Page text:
U.S. natural gas futures on Friday rose 2% on forecasts for much more cold weather and heating demand later in January than previously expected.Meteorologists projected the weather in the U.S. Lower 48 states will turn from warmer than normal now to mostly colder than normal from Jan. 16-25. That outlook is much cooler than Thursday’s forecast.

Front-month gas futures for February delivery on the New York Mercantile Exchange were up 4.3 cents, or 2.0%, to $2.209 per million British thermal units (mmBtu) at 8:34 a.m. EST (1334 GMT).

That put the front-month on track to rise about 4% for the week after falling about 1% last week.

Small changes in futures prices over the past few months, cut at-the-money implied volatility , a determinant of option premiums, to 39.0%, its lowest since September. Over the past year, implied volatility has swung wildly, hitting a high of 78.1% in January 2019 and a record low of 18.6% in April.

Traders noted gas prices have dropped about 24% since hitting an eight-month high of $2.905 per mmBtu in early November due to milder-than-usual weather and expectations inventories will remain over the five-year average as near-record production enables utilities to leave more gas in storage, eliminating concerns of shortages and price spikes this winter.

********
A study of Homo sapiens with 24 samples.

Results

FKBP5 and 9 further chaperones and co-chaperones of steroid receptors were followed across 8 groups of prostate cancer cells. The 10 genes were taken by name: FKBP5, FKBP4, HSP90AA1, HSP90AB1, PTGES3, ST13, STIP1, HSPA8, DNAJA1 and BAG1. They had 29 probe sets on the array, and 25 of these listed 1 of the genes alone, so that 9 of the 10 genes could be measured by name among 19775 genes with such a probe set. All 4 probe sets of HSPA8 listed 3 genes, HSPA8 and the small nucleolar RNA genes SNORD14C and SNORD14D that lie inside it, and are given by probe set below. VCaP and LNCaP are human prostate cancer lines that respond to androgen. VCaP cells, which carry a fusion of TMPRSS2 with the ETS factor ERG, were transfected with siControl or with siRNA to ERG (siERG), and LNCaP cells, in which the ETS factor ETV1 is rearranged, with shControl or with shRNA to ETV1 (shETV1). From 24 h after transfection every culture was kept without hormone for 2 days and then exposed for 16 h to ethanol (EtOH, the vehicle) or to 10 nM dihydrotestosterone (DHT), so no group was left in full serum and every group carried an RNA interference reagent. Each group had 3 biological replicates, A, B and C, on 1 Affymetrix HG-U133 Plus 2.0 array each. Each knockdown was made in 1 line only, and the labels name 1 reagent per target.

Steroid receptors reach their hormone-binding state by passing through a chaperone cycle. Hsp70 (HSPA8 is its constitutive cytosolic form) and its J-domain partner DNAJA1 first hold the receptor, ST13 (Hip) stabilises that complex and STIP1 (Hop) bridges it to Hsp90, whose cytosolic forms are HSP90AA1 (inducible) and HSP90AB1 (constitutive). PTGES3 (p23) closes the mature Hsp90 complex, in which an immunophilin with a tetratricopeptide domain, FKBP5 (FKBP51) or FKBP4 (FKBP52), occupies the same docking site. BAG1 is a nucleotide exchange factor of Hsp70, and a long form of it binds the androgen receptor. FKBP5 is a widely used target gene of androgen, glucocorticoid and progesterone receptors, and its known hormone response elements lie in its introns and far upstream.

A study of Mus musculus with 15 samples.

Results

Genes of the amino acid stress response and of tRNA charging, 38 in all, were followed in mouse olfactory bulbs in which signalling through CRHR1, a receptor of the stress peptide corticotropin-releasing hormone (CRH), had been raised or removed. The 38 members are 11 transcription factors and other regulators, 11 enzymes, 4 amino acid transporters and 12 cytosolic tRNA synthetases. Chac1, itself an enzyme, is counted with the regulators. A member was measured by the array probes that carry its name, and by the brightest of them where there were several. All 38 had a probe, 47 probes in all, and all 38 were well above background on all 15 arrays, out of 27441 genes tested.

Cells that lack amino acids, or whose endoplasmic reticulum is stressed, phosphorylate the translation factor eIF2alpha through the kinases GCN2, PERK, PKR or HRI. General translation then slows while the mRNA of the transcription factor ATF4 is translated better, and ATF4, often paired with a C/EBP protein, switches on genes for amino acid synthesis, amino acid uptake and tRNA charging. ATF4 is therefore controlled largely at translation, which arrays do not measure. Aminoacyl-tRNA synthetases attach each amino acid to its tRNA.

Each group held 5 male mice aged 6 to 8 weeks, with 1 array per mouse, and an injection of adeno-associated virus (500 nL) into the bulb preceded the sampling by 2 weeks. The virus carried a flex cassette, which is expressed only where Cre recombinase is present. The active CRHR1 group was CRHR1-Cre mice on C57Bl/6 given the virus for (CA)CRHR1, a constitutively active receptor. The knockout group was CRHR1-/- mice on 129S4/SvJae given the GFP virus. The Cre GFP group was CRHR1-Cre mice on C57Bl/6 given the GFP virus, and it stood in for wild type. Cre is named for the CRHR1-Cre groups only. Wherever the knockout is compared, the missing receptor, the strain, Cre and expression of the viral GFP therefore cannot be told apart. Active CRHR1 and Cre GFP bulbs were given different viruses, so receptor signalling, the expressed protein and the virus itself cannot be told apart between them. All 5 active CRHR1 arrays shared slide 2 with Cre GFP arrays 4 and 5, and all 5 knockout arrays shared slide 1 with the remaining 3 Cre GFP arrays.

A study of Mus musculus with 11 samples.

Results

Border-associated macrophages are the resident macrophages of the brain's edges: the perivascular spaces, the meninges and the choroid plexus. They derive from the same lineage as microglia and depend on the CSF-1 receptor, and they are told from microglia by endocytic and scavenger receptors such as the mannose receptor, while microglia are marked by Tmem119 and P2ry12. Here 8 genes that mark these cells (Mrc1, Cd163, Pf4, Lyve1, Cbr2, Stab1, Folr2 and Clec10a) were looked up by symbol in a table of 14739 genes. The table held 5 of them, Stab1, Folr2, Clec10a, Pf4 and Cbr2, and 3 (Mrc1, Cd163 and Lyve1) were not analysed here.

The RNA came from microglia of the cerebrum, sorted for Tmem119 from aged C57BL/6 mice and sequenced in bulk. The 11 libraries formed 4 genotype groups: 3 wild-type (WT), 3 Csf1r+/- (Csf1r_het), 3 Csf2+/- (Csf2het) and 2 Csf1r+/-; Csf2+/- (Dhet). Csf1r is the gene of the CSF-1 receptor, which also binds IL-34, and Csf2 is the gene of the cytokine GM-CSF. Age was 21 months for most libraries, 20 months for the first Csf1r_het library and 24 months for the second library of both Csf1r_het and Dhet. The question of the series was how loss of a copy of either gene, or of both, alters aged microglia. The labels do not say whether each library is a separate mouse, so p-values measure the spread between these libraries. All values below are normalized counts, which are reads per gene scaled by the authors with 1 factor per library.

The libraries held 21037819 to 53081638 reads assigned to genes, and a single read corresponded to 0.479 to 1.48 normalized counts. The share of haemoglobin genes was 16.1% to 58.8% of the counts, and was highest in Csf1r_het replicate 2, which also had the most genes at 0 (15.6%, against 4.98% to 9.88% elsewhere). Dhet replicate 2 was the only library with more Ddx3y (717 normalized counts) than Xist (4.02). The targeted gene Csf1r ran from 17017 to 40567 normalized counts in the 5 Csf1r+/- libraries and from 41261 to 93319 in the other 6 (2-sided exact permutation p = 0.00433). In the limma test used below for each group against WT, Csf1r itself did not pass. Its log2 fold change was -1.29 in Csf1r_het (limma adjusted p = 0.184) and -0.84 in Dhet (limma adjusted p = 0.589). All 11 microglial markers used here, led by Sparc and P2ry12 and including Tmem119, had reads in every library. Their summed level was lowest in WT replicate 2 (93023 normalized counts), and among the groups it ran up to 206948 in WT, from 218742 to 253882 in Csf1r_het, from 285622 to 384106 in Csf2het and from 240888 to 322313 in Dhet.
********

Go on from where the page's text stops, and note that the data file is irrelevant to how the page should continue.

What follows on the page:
But with colder weather coming, Refinitiv projected average demand in the Lower 48 states, including exports, would jump to 140.4 billion cubic feet per day (bcfd) in two weeks from 117.1 bcfd this week and 116.3 bcfd next week.

Gas flows to liquefied natural gas (LNG) export plants edged up to 8.1 bcfd on Thursday from 7.9 bcfd on Wednesday, according to Refinitiv data. That compares with an average of 8.6 bcfd last week and a record high of 8.8 bcfd on Jan. 4.

Early data from Refinitiv, subject to change later in the day, indicated Cameron LNG’s plant in Louisiana started taking in more gas Friday morning. Officials at Cameron said the plant was operating normally and gas flows would fluctuate following last week’s startup of the second liquefaction train.

Pipeline flows to Mexico, meanwhile, slipped to 5.3 bcfd on Thursday from a four-week high of 5.7 bcfd on Wednesday, according to Refinitiv data. That compares with an average of 4.4 bcfd last week and an all-time daily high of 6.2 bcfd on Sept. 18.

Gas production in the Lower 48 U.S. states eased to 95.2 bcfd on Thursday from 95.4 bcfd on Wednesday, according to Refinitiv. That compares with an average of 95.4 bcfd last week and a record high of 96.8 bcfd on Nov. 30.

Analysts said utilities likely pulled 100 billion cubic feet (bcf) of gas from storage during the week ended Jan. 10. That compares with a decline of 82 bcf during the same week last year and a five-year (2015-19) average reduction of about 184 bcf for the period.

If correct, the decrease for the week ended Jan. 10 would cut stockpiles to 3.048 trillion cubic feet (tcf), 5.5% above the five-year average of 2.890 tcf for this time of year.

In the spot market, power prices for Friday at the Palo Verde hub in the U.S. Desert Southwest fell to their lowest since June for a second time this week amid moderate weather and low demand.